CROTON-ON-HUDSON, N.Y. — It has happened more than once and will likely happen again.
Some summer afternoon, Artie Feldman will open the back door of his two-story red brick house to pick some raspberries.
There it will be, abandoned on the back step. Rather than send a typewriter to the junkyard, someone has dumped it on Feldman's stoop. "It hurts," he says.
Artie Feldman fixes typewriters. Usually old ones. Usually manual ones.
He does not fix the lightweight electric typewriters; "el cheapos," he calls them. He does not fix the electronic machines that have memories and go "beep." He does not know a thing about computers.
Business for Feldman is not good.
Mechanical typewriters, like slide rules and pressure cookers, are being replaced by advanced technology. Even the word "typewriter" is giving way to "screen," "keyboard," "terminal" and "word processor."
By the end of next year, it is likely that no American company will produce manual or traditional electric typewriters, a problem for Feldman and others like him who fix nothing but.
Pushed Out at 50
Computers first began to affect Arthur S. Feldman in 1974 when he lost his full-time job. For more than 14 years, he had serviced the typewriters, pneumatic tube message carriers, pencil sharpeners, adding machines and time clocks of the New York Times.
He spent most of his time on typewriters. When computers were brought in, Feldman was pushed out. He asked to be trained to service computers, Feldman says, but was ignored, he suspects, because he was 50 years old at the time. He was offered a job as a message clerk with the same pay but turned it down.
"I'd rather shine shoes on Broadway than take the job you're giving me," Feldman recalls telling his supervisor.
He supported himself by fixing typewriters at the offices of the magazines and out-of-town newspapers with bureaus in New York City.
But during the past few years, even the smaller offices have been telling Feldman that his services were no longer needed. Olivetti, Royal, and Olympia mechanical typewriters were giving way to higher technology, like the personal computer on which this story was written.
What Feldman was experiencing was happening across the country. The computer microchip was dramatically changing the business of typing.
With the help of the microchip, electronic typewriters have memories, spelling checkers and the ability to correct errors before they are printed. And many offices have moved beyond these new electronic typewriters and installed computer terminals that perform many of the jobs once handled by the manual typewriter.
Based on estimates provided by Dataquest, a San Jose research firm, the electric's share of the some 1.2 million office typewriters sold each year will drop from 9% in 1986 to 7% of the market this year.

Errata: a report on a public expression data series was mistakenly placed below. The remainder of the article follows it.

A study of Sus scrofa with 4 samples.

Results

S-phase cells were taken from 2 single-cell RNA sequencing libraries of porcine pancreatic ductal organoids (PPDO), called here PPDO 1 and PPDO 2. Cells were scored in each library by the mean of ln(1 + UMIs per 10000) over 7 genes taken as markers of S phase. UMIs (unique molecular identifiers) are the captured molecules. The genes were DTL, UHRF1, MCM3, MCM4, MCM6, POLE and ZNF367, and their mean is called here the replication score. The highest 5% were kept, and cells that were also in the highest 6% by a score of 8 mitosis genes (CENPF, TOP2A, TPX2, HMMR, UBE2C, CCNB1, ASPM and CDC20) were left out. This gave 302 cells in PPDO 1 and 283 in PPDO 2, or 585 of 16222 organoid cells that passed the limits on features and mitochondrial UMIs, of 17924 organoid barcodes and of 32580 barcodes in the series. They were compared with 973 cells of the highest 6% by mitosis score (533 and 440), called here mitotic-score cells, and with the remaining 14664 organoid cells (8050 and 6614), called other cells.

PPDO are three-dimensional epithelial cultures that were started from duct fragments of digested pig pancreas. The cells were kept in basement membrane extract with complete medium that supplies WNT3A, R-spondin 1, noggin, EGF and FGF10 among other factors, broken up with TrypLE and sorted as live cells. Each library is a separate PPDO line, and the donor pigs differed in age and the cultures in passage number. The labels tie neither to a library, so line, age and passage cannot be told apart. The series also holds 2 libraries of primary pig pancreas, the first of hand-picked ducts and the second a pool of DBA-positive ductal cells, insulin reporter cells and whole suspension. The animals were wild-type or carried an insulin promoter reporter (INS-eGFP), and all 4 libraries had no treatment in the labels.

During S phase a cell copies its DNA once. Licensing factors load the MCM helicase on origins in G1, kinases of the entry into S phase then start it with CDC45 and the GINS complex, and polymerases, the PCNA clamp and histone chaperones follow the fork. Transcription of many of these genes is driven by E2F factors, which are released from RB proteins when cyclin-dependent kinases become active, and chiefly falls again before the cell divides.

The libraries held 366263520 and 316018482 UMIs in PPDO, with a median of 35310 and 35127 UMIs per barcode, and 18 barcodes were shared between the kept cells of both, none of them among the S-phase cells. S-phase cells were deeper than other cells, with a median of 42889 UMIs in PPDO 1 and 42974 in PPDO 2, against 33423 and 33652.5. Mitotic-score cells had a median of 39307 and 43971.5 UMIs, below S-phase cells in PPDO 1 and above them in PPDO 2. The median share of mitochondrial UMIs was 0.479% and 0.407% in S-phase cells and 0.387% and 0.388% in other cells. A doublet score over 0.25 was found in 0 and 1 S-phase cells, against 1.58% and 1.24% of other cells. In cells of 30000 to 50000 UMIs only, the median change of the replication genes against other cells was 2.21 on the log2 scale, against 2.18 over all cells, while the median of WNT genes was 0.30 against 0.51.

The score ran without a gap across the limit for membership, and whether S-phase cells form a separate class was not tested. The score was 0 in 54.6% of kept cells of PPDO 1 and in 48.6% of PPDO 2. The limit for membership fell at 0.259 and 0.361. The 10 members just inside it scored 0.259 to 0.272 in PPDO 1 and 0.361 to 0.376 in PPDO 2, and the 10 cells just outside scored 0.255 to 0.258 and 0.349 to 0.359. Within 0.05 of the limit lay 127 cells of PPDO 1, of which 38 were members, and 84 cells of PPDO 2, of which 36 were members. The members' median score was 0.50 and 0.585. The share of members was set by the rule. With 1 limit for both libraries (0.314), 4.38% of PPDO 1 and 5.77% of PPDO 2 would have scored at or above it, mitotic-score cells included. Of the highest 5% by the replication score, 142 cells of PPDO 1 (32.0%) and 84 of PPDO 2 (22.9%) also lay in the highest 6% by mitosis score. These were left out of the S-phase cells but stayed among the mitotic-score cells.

And among those who type at home, Smith-Corona estimates that the traditional electric typewriter will drop from 22% of the market in 1986 to 11% of the market this year. In 1985, electrics accounted for more than one-third of the home typewriters sold.
Like a Dinosaur
And the significance of manual typewriters is practically nil. Smith-Corona and every other U.S. manufacturer stopped production of manual typewriters within the past four years.
"Manuals are a dinosaur," says Fred Feyerhacke, director of marketing at Smith-Corona.
While computer-related technology moved into newsrooms about 10 years ago, it was only during the past few years that it swept into smaller offices and homes. Feldman saw the changes first hand.
1986 was an especially bad year for him. Where in the previous years he lost maybe one corporate client a year in the city, Feldman lost three in 1986, leaving him only the Los Angeles Times bureau and ARTnews magazine.
Most of Feldman's business is limited to neighbors, a couple of small local businesses, and Croton's churches and its one synagogue. He usually works on one typewriter a week; most repairs take only a couple of hours.
The Feldmans adapt to the decline in business with some skimping here and there.
Feldman, 63, would like to take some precautionary medical tests, but lab fees being what they are, he'll hold off for now.
The Feldmans will keep their 23-year-old car. They'll do without new chairs or carpeting. In October, Thelma Feldman, 55, went back to work, and that helps to make ends meet.
While Feldman is willing to alter his living habits to suit his financial needs, he will not change his way of doing business.
Won't Reduce Prices
He says he can't raise his repair fee: "If I were to say $45 to fix a typewriter, they'd say 'For $40 more I could buy a new one.' ".
Nor will he lower the price of restored machines he's got lying around to increase his cash flow: "It rubs me the wrong way."
Nor will he sell of part his collection of vintage typewriters, some of which could easily fetch more than $100 apiece: "It's the one thing I have left, so I keep them."
Feldman says he's satisfied to live within his means. As if to prove it, he pulls out an old 45 rpm record that he saved from his daughter's trash bin. On the flip-side: Bo Donaldson and the Heywoods perform "Don't Ever Look Back."